Whooping cough is still a health risk for children

April 5, 2016 Providence Health Team

Whooping cough may sound like an ancient disease, but it’s alive and well – and highly contagious. “One of the biggest misconceptions is there isn’t a lot of whooping cough in the community. It’s not something that’s been eradicated,” says Melissa Kleschen, M.D., a Providence pediatrician in western Montana.

Otherwise known as pertussis, whooping cough is a bacterial respiratory illness that causes violent coughing fits, making it difficult to breathe. The cough is often followed with a breath marked by a “whoop” sound.


Pertussis is transmitted through airborne contact from person to person. Infected individuals are most contagious for about two weeks after the cough starts. Many infants contract pertussis from people who may not even know they have it. “Lots of adults who have pertussis don’t experience the classic whoop,” says Dr. Kleschen.

Symptoms and complications

The disease typically begins with traditional cold-like symptoms that may last one to two weeks, including:

  • Runny nose
  • Low-grade fever
  • Mild cough

As the disease progresses, new symptoms may develop, including:

  • Fits of rapid coughing
  • Breaths marked by high-pitched whoop
  • Vomiting
  • Exhaustion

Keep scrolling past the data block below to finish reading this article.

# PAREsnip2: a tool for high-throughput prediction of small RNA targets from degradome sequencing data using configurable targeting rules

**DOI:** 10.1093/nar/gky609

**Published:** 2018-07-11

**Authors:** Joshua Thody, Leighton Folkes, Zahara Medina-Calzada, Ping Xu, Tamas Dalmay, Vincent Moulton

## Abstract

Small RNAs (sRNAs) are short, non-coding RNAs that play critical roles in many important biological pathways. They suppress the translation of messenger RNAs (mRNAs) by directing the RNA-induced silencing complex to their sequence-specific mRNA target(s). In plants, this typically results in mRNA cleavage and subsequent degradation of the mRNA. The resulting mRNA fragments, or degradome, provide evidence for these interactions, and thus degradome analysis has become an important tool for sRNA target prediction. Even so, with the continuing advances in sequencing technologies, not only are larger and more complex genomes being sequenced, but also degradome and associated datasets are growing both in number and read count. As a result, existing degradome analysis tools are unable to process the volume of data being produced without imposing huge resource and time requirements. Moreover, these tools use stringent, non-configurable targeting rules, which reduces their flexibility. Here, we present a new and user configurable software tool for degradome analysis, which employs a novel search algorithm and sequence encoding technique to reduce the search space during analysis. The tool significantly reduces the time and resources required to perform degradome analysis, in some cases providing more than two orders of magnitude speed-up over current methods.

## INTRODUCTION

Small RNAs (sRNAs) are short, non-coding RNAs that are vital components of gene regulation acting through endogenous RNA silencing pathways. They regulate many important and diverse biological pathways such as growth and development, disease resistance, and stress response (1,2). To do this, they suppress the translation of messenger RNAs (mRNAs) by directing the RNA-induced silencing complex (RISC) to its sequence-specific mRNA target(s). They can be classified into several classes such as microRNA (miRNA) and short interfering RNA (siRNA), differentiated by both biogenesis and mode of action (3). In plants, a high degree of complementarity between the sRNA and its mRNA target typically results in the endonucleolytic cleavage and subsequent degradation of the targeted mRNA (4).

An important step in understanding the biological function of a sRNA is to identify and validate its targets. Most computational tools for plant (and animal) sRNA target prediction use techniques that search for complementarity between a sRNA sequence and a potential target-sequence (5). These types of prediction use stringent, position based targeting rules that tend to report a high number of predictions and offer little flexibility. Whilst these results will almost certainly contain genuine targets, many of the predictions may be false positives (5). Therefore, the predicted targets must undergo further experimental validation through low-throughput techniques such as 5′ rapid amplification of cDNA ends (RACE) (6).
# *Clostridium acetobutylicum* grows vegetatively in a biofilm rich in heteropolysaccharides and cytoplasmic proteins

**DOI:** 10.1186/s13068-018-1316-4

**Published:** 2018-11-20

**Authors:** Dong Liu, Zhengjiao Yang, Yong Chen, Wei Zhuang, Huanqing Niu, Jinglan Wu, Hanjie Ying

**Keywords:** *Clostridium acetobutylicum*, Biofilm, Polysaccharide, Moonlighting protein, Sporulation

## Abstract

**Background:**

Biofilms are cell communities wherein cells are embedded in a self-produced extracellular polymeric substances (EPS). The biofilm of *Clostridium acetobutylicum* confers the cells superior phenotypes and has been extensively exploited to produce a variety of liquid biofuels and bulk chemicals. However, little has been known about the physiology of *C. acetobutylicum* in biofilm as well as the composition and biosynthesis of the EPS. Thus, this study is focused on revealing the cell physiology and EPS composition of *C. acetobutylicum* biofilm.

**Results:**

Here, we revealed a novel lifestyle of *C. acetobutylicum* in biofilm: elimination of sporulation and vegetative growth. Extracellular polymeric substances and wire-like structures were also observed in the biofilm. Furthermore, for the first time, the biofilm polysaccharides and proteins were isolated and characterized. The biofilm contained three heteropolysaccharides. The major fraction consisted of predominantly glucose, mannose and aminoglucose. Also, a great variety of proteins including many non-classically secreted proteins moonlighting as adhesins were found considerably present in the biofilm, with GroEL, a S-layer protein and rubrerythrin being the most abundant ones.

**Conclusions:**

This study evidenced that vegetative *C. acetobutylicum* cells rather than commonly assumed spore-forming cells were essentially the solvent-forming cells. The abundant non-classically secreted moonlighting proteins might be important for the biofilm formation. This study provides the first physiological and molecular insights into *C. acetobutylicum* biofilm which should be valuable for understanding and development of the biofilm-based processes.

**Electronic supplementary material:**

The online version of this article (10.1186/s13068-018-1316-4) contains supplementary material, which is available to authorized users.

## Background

Pertussis can be very dangerous, especially for infants. About 50 percent of infected babies younger than 1 year old require hospital care. Complications may include:

  • Low oxygen levels
  • Trouble eating
  • Dehydration
  • Pneumonia
  • Apnea (a pause in breathing)
  • Seizures


Consult a provider if you think your child may have pertussis. Tests are available to confirm the presence of bacteria. A provider can prescribe antibiotics to treat pertussis and reduce the contagious period. Do not give your child cough medicine unless advised by a provider. Cough medicine will likely be ineffective, and it’s not recommended for children younger than four.


“The best protection is vaccination,” says Dr. Kleschen. There are two kinds of vaccines, DTaP and Tdap. Both vaccines help protect against pertussis, tetanus and diphtheria. Children should take five doses of DTaP starting at 2 months, then 4 months, 6 months, 15 to 18 months, and 4 to 6 years. If you fall behind, don’t fret. Just ask your doctor about the catch-up immunization schedule.

Older kids and adults should get the Tdap vaccine (only one dose). The Centers for Disease Control and Prevention recommends a dose of Tdap during every pregnancy to help keep newborns healthy. Dr. Kleschen suggests that new parents, grandparents and anyone else who is going to be around children should make sure they are vaccinated. If you’re unsure, talk with your provider.

No vaccine is 100 percent effective. As such, it’s important to adopt healthy habits, especially if you have a baby in the house. Avoid sick people. Cough into a tissue or sleeve, and practice good hand hygiene such as washing thoroughly with soap and water, or using sanitizer.